This is Why Padma Lakshmi Never Reported Her Sexual Assault
Padma Lakshmi, the host of Bravo’s Top Chef, revealed she was raped as a teenager and sexually molested as a child to punctuate why survivors of sexual assault don’t come forward. After President Donald Trump questioned why accusers of Supreme Court candidate, Brett Kavanaugh didn’t come forward, Lakshmi said she could no longer remain silent.
In a New York Times op-ed, Lakshmi detailed two painful assaults she endured, including the shame and confusion she experienced. She kept both assaults a secret until now, inspired to tell her story to demonstrate why survivors are often too paralyzed to come forward.
This is what happened when she was molested as a child
Lakshmi recounts being molested by her stepfather’s relative when she was 7 years old. Following the incident, she told her mother and stepfather what happened., However, instead of seeking help or investigating the situation, her family sent her to India to live with her grandparents. “The lesson was: If you speak up, you will be cast out,” she wrote.
She was then raped as a teenager
When Lakshmi was 16 years old, she was raped by a new boyfriend. He raped her after she had fallen asleep at his house. Instead of being angry or turning the man in, she blamed herself. “Soon I began to feel that it was my fault. We had no language in the 1980s for date rape,” she wrote. “I imagined that adults would say: “What the hell were you doing in his apartment? Why were you dating someone so much older?”
Confusion set in. She wrote that she didn’t think she classified it as a rape or even sex in her head. “I’d always thought that when I lost my virginity, it would be a big deal — or at least a conscious decision. The loss of control was disorienting. In my mind, when I one day had intercourse, it would be to express love, to share pleasure or to have a baby. This was clearly none of those things.”
Early lessons dictated her response as a teen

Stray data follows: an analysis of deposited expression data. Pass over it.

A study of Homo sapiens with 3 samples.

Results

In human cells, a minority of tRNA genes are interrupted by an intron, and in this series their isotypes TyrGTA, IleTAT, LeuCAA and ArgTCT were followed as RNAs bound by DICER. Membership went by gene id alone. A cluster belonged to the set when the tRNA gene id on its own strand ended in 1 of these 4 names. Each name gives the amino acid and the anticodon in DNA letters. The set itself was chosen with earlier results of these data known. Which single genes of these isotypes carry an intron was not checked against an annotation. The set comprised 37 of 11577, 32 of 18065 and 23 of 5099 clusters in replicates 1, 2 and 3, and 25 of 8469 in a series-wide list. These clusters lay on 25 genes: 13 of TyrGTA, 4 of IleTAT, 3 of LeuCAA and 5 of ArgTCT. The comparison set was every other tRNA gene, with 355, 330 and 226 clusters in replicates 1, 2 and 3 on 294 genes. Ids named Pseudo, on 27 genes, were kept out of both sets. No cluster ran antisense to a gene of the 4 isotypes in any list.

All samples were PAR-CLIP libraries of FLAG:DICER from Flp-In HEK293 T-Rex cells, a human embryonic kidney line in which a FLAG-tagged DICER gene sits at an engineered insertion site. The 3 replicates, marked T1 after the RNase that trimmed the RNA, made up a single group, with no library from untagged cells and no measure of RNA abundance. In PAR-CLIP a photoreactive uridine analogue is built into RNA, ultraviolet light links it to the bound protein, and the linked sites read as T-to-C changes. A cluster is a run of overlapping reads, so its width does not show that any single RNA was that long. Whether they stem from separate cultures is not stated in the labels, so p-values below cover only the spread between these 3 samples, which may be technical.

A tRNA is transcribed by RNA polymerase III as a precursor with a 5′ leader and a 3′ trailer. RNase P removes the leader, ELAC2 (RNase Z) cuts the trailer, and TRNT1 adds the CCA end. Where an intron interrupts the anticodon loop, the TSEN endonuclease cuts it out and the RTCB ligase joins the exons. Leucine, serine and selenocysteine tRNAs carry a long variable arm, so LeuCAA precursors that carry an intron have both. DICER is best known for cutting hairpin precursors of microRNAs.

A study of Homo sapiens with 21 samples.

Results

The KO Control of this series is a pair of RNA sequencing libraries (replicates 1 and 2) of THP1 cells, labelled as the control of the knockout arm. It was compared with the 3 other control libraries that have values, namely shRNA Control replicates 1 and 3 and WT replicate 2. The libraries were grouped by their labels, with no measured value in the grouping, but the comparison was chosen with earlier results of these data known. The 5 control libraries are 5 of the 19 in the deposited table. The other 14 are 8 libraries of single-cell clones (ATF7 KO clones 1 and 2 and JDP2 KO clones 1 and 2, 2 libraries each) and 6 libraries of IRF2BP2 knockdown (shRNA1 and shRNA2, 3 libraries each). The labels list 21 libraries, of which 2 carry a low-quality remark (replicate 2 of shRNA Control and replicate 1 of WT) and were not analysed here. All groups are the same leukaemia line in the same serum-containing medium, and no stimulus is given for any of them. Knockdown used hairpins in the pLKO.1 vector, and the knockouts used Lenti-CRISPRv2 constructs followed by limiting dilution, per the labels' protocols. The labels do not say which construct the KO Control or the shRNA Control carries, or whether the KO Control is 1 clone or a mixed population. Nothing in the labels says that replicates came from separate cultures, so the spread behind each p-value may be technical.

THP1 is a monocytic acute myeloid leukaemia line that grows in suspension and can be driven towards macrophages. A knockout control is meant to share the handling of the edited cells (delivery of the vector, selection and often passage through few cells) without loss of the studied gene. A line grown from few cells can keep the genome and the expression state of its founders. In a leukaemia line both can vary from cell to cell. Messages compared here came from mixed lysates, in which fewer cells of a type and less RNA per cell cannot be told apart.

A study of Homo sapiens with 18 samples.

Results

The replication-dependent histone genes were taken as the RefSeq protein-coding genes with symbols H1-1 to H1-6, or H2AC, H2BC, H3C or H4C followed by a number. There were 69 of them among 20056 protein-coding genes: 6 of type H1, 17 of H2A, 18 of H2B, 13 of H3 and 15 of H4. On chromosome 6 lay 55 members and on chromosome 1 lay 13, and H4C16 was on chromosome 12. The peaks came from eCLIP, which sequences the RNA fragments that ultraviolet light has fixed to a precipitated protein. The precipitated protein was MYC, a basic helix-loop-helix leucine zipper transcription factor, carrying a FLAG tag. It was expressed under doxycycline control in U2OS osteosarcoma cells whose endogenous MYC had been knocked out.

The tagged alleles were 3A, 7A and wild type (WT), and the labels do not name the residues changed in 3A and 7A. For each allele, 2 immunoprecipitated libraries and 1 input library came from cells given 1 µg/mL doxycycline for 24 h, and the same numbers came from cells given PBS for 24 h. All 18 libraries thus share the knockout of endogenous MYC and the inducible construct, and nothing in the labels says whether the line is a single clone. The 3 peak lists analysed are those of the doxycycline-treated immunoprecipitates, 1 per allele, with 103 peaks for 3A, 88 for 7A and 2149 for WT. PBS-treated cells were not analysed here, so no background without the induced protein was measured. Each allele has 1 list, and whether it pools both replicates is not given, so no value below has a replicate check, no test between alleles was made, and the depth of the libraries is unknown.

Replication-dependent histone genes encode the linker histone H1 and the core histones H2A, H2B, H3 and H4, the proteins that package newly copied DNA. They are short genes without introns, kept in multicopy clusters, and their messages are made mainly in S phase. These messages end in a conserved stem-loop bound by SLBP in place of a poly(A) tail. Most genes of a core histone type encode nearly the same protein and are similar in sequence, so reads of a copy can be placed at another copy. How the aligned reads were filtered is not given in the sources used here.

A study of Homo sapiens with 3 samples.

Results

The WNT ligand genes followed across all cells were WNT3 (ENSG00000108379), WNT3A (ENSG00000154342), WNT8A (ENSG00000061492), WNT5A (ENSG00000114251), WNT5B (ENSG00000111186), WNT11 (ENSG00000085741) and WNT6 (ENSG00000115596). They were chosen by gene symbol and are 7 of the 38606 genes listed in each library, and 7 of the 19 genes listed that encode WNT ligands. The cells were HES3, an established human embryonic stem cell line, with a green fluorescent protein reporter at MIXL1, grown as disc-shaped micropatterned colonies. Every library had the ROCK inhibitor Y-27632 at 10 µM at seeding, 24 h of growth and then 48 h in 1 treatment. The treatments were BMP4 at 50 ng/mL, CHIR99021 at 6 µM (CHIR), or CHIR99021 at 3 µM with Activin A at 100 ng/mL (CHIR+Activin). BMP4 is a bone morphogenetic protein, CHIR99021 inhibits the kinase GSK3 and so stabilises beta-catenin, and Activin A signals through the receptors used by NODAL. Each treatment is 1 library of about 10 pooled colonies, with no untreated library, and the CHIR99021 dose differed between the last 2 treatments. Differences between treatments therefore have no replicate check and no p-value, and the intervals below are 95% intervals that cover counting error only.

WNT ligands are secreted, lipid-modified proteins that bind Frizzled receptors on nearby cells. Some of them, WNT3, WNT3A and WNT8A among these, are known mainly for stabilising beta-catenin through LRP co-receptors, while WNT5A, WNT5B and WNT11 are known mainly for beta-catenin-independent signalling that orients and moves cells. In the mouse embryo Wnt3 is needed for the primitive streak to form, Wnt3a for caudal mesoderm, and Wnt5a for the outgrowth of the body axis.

Why didn’t Lakshmi report her attack as a teen? Following the rape, she wrote, “I didn’t report it. Not to my mother, not to my friends and certainly not to the police. At first I was in shock. That evening, I let my mother know when I was home, then went to sleep, hoping to forget that night.”
“When I think about it now, I realize that by the time of this rape, I had already absorbed certain lessons,” she wrote, referring to being molested as a child. “These experiences have affected me and my ability to trust. It took me decades to talk about this with intimate partners and a therapist.”
Why this has everything to do with the Supreme Court nomination
Some people assert Kavanaugh should not be held responsible for actions in his teens. Or that the assault was too long ago. However, Lakshmi has this message: “Some say a man shouldn’t pay a price for an act he committed as a teenager. But the woman pays the price for the rest of her life, and so do the people who love her.”
She adds that one in four girls and one in six boys will be sexually abused before they turn 18 years old. She is speaking out now to fight for those children too scared or ashamed to come forward. And, “Those messages should be very clear as we consider whom we appoint to make decisions on the highest court of our land.”